Such was the problem a few weeks back when I over-relied on the Omaha World-Herald for information about a legislative proposal by State Sen. Abbie Cornett. I responded to Cornett's proposal, as reported, requiring school districts to form a "Committee on Americanism" with no small degree of (good humored) mockery and derision. I wrote:
Way to be a better American than everyone who didn't propose this bill, Sen. Cornett. That all it does is add another unnecessary layer of bureaucracy hardly matters, not when we all now know how much you love your country....
Also, how long before we finally get back to our roots and create the more important "Committee on UnAmericanism" that will root out the insidious forces corrupting our children and threatening this nation?
Then, we'll truly know how far we've come.
Well, it has since been brought to my attention that I was somewhat misinformed by the World-Herald and subsequently misdirected my ire. It was an honest, innocent, but nevertheless inexcusable mistake for which I apologize to Sen. Cornett.
What the World-Herald failed to report and I failed to discover by doing any actual research is the fact that the law requiring Nebraska school districts to have "Committees on Americanism" already exists and seems to have done so for over 50 years (see Section 79-724 of the Nebraska Statutes). Cornett's bill is little more than an update to that legislation, the purposes of which remain somewhat unclear beyond its newfound suggestion that students learn about historical documents "that are pertinent to understanding the principles, character, and world view of America’s founders," specifically naming "the Declaration of Independence, the United States Constitution, the Bill of Rights, the Federalist Papers, the Pledge of Allegiance, Patrick Henry’s "Liberty or Death" speech, Abraham Lincoln's Gettysburg address," and so on.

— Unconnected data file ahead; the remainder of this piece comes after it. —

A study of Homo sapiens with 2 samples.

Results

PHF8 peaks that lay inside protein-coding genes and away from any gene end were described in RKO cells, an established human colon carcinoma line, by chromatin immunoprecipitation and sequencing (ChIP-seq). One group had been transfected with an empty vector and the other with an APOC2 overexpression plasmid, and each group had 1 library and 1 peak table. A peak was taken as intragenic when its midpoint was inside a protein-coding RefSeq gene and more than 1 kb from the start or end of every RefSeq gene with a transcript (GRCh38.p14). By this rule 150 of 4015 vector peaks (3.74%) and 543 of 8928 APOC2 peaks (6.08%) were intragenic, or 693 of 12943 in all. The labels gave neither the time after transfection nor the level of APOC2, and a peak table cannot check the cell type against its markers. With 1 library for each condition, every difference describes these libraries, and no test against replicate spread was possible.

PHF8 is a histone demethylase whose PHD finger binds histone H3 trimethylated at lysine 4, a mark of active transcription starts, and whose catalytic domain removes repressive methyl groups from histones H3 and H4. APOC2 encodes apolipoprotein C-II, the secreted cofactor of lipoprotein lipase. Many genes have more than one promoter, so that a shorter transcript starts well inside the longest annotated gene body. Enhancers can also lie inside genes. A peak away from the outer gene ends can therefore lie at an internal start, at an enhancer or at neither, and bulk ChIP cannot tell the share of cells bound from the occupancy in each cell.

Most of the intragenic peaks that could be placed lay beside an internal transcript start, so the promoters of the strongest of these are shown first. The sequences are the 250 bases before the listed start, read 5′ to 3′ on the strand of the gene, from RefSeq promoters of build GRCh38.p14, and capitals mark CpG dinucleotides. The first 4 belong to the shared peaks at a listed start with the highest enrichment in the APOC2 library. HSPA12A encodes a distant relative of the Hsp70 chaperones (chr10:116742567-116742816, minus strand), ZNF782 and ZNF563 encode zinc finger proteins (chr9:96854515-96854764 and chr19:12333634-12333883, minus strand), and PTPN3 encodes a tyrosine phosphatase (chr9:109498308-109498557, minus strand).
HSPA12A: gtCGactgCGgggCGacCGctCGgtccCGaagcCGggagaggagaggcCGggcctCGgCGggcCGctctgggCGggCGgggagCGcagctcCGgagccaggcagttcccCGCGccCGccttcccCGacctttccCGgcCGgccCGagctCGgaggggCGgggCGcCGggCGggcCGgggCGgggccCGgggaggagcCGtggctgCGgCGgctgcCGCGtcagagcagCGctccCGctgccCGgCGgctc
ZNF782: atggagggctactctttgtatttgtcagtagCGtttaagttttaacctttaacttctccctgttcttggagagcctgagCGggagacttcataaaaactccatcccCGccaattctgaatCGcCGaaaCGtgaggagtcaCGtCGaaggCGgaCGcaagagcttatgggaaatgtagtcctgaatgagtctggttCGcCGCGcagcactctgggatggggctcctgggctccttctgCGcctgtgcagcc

Though not a bad idea, ultimately this seems just a bit of feel-good legislation that adds a few more paragraphs and straightens out some language - not really worth the time to comment or to perhaps even reach a vote before the full legislature.
Nevertheless, I'm glad for this snafu because it drew my attention to a competing proposal by State Sen. DiAnne Schimek that, in my mind, actually does a lot to REFORM the existing "Committee on Americanism" mandate. Schimek's bill puts added responsibility on the State Board of Education in directing Nebraska's civics programs. That's sensible enough since what it means to be an American doesn't change much between Plattsmouth and Pawnee City or Alliance and Arapahoe.
Still, the actual reforms of which I spoke are in the elimination of some out-dated and morally questionable standards for review of educators' private beliefs, as well as a series of unnecessarily burdensome demands on each school's civics program. The first of these provisions that would hereby be removed orders Committees on Americanism to "assure themselves as to the character of all teachers employed and their knowledge and acceptance of the American form of government."
In our current political climate, with accusations of being "unpatriotic" lobbed at the slightest hint of questioning America's military activities or the policies of the Bush Administration, it's clear this language is an invitation to censorship and partisan indoctrination in the classroom. While a teacher's politics should never overshadow his or her teaching, it doesn't serve the interests of students or society to have them fear for their jobs at simply expressing an opinion - especially one of dissent that might challenge students - trading all the value of free and open debate for ridiculous fears at an exaggerated (if not imaginary) threat.
Also removed by Schimek's bill is language ordering the teaching of "the dangers and fallacies of Nazism, Communism, and similar ideologies" and ordering the celebration of "Lincoln’s birthday, Washington’s birthday, Flag Day, Memorial Day, and Veterans Day."
While schools should teach about the above ideologies, teaching them from a state-mandated prism can only obstruct the truth and stand in the way of students actually learning why these movements arose and - yes - why they failed. Meanwhile, I have no objection to schools recognizing patriotic holidays, but this bill is right to leave it to individual schools to plan their own activities.
Probably still not a bill deserving of highest priority, it's nevertheless nice to see Schimek taking our nation's democratic principles to heart, not to mention exercising plain old common sense, when considering reform of the state's civics education.
Of course, her changes still do little to relieve my discomfort with the idea of these "Committees on Americanism." Having graduated from a Nebraska high school without ever having heard of such a well-intentioned but philosophically disturbing entity, it simply seems too easily conceived as a tool of propaganda in what is likely our democracy's most sacred space. In so far as Schimek's bill tempers the extremes of such a directive, though, I feel obligated to lend it my personal seal of (qualified) approval.
Now, who thinks that will be enough to get it through committee?